Deep CO2 Cuts May Be Last Hope for Acid Oceans
(Report from the World Oceans Conference in Indonesia)
UXBRIDGE, Canada, May 15 (IPS) –
Ocean acidification offers the clearest evidence of dangers of climate change.
And yet the indisputable fact that burning fossil fuels is slowly turning the oceans into an acid bath has been largely ignored by industrialised countries and their climate treaty negotiators, concluded delegates from 76 countries at the World Oceans Conference in Manado, Indonesia.
Oceans and coastal areas must be on the agenda at the crucial climate talks in Copenhagen in December, they wrote in a declaration. “We must come to the rescue of the oceans,” declared Indonesian President Susilo Bambang Yudhoyono at the opening of high-level government talks on Thursday in the northern city of Manado.
It is fair to say most international climate negotiators aren’t aware of the impacts of climate change on the oceans, said Carl Gustaf Lundin, head of the IUCN’s Global Marine Programme.
“Very few people understand that carbon emissions are making the oceans acidic,” Lundin told IPS.
Over the past 150 years, burning of fossil fuels and deforestation has put more carbon dioxide into the atmosphere. The oceans have absorbed more than one-third – about 130 billion tonnes – of those human emissions and have become 30 percent more acidic as the extra CO2 combines with carbonate ions in seawater, forming carbonic acid.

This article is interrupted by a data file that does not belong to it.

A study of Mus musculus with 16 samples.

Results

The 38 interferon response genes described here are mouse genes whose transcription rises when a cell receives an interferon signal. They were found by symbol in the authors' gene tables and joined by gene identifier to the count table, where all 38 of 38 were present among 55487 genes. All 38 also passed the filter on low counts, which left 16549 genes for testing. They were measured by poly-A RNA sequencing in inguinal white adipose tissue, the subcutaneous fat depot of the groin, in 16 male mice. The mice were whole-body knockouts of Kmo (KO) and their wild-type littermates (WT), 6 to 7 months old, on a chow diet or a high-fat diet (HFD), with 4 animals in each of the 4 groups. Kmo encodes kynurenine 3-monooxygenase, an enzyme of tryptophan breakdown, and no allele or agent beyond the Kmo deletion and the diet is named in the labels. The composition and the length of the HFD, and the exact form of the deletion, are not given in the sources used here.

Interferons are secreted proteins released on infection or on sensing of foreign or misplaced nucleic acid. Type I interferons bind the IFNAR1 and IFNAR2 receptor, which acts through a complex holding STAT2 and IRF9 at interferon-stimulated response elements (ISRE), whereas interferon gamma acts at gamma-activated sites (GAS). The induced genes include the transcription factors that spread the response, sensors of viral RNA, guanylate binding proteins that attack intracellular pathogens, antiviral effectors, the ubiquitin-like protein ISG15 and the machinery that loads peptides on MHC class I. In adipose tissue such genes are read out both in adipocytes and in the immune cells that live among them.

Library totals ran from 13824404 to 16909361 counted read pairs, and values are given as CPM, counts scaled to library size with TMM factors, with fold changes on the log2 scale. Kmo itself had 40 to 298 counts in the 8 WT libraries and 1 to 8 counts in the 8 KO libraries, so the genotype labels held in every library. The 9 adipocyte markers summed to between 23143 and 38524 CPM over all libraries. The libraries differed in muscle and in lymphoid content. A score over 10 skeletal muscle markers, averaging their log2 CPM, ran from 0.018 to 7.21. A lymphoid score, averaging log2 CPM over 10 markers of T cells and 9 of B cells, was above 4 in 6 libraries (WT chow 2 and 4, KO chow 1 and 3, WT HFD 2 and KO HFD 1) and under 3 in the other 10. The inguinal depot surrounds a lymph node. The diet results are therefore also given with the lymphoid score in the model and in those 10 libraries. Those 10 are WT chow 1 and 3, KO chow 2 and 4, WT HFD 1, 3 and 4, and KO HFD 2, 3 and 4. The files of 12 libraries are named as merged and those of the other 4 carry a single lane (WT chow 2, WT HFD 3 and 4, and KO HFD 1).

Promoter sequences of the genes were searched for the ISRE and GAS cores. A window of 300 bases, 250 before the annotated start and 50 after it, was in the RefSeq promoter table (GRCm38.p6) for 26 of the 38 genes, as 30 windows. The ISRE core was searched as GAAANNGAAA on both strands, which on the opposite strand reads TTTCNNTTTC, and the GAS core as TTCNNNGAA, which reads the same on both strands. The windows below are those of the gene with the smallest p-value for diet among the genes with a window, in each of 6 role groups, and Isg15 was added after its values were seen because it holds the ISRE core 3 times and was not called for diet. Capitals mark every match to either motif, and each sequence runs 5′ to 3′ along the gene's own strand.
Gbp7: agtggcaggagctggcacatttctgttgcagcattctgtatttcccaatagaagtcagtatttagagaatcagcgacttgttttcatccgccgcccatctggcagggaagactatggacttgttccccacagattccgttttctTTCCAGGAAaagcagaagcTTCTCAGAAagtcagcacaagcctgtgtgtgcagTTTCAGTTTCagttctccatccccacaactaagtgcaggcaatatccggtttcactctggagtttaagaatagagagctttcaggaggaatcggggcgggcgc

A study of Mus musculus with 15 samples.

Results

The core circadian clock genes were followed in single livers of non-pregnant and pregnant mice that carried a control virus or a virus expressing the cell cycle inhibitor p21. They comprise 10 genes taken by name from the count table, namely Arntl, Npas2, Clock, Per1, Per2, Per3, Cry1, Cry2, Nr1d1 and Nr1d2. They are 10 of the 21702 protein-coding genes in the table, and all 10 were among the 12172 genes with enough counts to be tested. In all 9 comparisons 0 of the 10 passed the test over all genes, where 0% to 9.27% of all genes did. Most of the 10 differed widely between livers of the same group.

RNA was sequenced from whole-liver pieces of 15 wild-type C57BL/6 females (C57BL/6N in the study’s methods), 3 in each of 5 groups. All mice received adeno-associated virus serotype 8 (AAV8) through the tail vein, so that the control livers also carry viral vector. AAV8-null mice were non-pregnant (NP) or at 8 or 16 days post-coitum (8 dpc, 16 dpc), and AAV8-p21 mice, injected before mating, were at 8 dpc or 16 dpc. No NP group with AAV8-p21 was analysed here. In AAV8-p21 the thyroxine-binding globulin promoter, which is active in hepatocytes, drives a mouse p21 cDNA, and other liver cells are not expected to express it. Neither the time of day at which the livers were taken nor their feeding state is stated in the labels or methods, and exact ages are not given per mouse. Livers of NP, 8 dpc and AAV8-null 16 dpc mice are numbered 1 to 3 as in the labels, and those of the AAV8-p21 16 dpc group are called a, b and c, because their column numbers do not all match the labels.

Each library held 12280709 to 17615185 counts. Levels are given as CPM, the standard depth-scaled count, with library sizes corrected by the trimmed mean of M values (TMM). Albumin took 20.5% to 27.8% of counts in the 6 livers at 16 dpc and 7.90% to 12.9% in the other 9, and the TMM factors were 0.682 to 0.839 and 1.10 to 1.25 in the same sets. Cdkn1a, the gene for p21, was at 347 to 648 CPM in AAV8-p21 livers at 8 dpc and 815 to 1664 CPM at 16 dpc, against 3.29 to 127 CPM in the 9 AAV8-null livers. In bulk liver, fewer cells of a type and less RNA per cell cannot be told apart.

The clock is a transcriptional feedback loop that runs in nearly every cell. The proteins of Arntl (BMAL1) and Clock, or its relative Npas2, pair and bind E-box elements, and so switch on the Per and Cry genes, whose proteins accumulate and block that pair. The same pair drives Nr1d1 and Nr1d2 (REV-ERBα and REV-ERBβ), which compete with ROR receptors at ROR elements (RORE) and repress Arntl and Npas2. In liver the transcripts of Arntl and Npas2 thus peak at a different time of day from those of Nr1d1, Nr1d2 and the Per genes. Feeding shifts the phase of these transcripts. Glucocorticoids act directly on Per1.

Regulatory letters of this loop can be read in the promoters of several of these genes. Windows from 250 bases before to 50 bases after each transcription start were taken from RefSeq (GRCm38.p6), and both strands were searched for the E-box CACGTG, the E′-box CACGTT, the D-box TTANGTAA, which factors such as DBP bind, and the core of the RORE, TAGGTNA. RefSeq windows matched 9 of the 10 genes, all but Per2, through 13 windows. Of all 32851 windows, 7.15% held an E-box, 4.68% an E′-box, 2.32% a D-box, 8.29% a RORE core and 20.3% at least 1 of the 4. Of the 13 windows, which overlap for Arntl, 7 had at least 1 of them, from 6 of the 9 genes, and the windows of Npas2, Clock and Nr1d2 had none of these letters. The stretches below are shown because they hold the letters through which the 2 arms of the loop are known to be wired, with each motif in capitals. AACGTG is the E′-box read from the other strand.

Each day, the oceans absorb 30 million tonnes of CO2, gradually and inevitably increasing their acidity. There is no controversy about this basic chemistry.
This increased acidity is affecting coral reefs and shell-forming organisms like clams and many types of plankton. Newer research suggests that it may also affect basic physiological functions for many types of marine organisms.
Rising levels of acidity may also increase the size of oceanic dead zones – areas that have too little oxygen to support life, according to research published in Science magazine Apr. 19. Dead zones, such as the one in Gulf of Mexico, have dramatically increased in number and size around the world in the past three decades.
“Climate change will have a huge number of very serious impacts on the oceans,” said Duncan Currie of Greenpeace New Zealand.
For complete article see: ENVIRONMENT: Deep CO2 Cuts May Be Last Hope for Acid Oceans.